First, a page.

Earnhardt wins rain-delayed Daytona ahead of Dillon's crash
DAYTONA BEACH, FL (AP) - A horrific last-lap accident that left drivers fearing for Austin Dillon's safety muted Dale Earnhardt Jr.'s victory in the rain-delayed race at Daytona International Speedway.
Earnhardt crossed the finish line at 2:41am Monday morning filled with dread after Dillon's car sailed upside down into the fence then shot back onto the track. The car was on its roof and mangled when it was hit hard by Brad Keselowski.
The car tore down a section of safety fencing, debris scattered into the grandstands, and crew members from several teams raced to check on Dillon.
A stunned Earnhardt seemed speechless as he crossed the finish line.
"Oh My God. That looked awful," Earnhardt yelled into his radio. He followed with a string of expletives as he tried to comprehend the frightening accident.
Crew chief Greg Ives immediately radioed his team to not pull Dillon from the car.
"Whoever is in that window, if he's OK, do not touch him. Tell him to stay in there," Ives said.
Earnhardt continued to inquire about Dillon, who earned his first career win at Daytona in Friday night's Xfinity Series race and has been close with the Earnhardt family his entire life.
The late Dale Earnhardt won 34 races at Daytona and Dillon was present for many of them as he grew up watching The Intimidator drive for his grandfather, Richard Childress.
Earnhardt was killed in a 2001 crash on the final lap of the Daytona 500.
Earnhardt Jr. said after the race he had no idea who was in the car - it was torn nearly in half, its engine ripped from under the hood - but admitted to being genuinely scared after the wreck.
"You are just on the verge of tears," Earnhardt said. "I saw everything in the mirror pretty clearly ... I just was very scared for whoever that car was. I didn't care about anything except figuring out who was OK.
"The racing doesn't matter anymore."
The outcome was never in doubt as Earnhardt dominated the entire race. But as the pack of cars chased him on a two-lap overtime sprint to the finish, contact in the train sent Dillon's car sailing upside down into the fence.
Daytona President Joie Chitwood said 13 fans were attended to in the grandstands. Eight declined treatment, four were seen at the track and one was taken to a local hospital in stable condition.
Dillon was seen and released in Daytona's infield care center and said he had a bruised forearm and tailbone.
The accident was similar to a 2013 crash in the Xfinity Series when Kyle Larson's car sailed into the fence, sending debris into the stands that injured 28 fans. Larson's car was destroyed as it ricocheted back onto the track.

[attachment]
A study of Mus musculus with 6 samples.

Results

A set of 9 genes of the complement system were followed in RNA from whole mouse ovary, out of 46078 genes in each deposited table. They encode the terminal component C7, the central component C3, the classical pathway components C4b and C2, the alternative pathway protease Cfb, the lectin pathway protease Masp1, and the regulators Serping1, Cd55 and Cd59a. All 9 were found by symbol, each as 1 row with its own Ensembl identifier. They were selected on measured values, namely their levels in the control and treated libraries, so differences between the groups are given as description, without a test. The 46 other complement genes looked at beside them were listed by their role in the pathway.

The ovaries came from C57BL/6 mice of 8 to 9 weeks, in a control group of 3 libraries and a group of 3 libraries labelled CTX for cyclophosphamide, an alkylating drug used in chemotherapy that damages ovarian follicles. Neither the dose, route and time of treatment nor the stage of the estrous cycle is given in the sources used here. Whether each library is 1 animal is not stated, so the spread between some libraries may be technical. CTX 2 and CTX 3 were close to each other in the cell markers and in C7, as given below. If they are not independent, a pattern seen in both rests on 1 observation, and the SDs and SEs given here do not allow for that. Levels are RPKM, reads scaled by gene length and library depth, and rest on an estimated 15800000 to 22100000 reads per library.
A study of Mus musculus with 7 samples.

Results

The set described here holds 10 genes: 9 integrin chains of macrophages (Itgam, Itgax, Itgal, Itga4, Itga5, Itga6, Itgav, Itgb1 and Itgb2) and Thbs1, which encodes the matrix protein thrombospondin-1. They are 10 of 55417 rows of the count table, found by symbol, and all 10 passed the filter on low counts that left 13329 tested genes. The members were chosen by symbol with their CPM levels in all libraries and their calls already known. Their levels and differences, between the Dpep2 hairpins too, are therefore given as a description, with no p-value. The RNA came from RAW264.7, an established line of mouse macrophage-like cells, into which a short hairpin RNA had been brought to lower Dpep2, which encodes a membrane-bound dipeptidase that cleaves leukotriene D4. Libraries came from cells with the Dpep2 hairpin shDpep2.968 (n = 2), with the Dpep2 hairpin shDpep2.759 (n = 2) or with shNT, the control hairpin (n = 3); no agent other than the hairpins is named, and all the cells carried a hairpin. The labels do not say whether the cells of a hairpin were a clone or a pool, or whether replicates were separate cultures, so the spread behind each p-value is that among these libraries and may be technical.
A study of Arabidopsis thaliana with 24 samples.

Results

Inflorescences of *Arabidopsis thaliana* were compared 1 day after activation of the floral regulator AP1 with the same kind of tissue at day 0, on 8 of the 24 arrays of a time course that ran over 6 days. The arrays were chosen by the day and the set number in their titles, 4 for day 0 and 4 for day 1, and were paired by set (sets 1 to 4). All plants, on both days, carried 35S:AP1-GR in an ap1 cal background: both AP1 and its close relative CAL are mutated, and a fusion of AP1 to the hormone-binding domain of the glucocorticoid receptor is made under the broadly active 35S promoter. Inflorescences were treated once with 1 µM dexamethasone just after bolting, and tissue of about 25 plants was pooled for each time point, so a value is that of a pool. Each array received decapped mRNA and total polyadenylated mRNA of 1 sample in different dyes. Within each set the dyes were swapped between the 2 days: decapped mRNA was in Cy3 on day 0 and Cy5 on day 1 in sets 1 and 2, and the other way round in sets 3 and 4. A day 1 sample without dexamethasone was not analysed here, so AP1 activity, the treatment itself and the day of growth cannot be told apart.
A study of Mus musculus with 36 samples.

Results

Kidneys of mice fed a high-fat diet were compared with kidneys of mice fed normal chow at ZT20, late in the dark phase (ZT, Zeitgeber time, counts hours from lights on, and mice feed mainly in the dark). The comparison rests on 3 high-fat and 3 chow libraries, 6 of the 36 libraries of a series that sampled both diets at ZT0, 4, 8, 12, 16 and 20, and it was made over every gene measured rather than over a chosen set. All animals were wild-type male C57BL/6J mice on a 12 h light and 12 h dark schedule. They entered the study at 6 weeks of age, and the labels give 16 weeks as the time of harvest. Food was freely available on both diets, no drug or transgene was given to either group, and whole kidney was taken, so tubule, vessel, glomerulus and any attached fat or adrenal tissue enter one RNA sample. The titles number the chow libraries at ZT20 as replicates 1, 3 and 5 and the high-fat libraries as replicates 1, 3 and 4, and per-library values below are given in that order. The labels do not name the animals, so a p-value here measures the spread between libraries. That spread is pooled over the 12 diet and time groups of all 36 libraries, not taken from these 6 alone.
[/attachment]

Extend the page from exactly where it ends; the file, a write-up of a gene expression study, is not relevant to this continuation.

Jimmie Johnson, who finished second to Hendrick Motorsports teammate Earnhardt, said Dillon's wreck was one of the worst he's ever seen.
"I'm shocked that Austin Dillon is even alive," said Johnson. "I expected the worst when I came back around."
The accident overshadowed Earnhardt's second win of the season - his first was in May at Talladega - and his first in this race since 2001. It was his fourth Sprint Cup Series win at Daytona.
The wreck was also the main focus at the end of a day that began early Sunday but quickly fell off schedule because of weather.
The race began at 11:42 p.m., a delay of 3 hours, 34 minutes for rain. Drivers spent the time doing an array of different activities: Daytona 500 winner Joey Logano went into the stands to thank fans for sticking around, while Ricky Stenhouse Jr. used social media to prove he can do a headstand.
They also stopped by the NBC studio to help the network fill air time in its first race broadcasting NASCAR since 2006.
When the race finally began, and the field circled the track waiting for the green flag, reigning NASCAR champion Kevin Harvick made note of the unusual start time by wishing his crew a good evening before correcting himself to morning.
It then took just three laps for the action to begin as David Gilliland sliced across the front of Clint Bowyer to trigger a nine-car accident that collected Logano and Danica Patrick, among others.
Tony Stewart, winner of the 2005 race that ended at 1:42 a.m., sliced his way through the carnage then grumbled on his radio about early-race aggressiveness.
"Somebody please remind me how much Lap 2 pays again?" he smarted.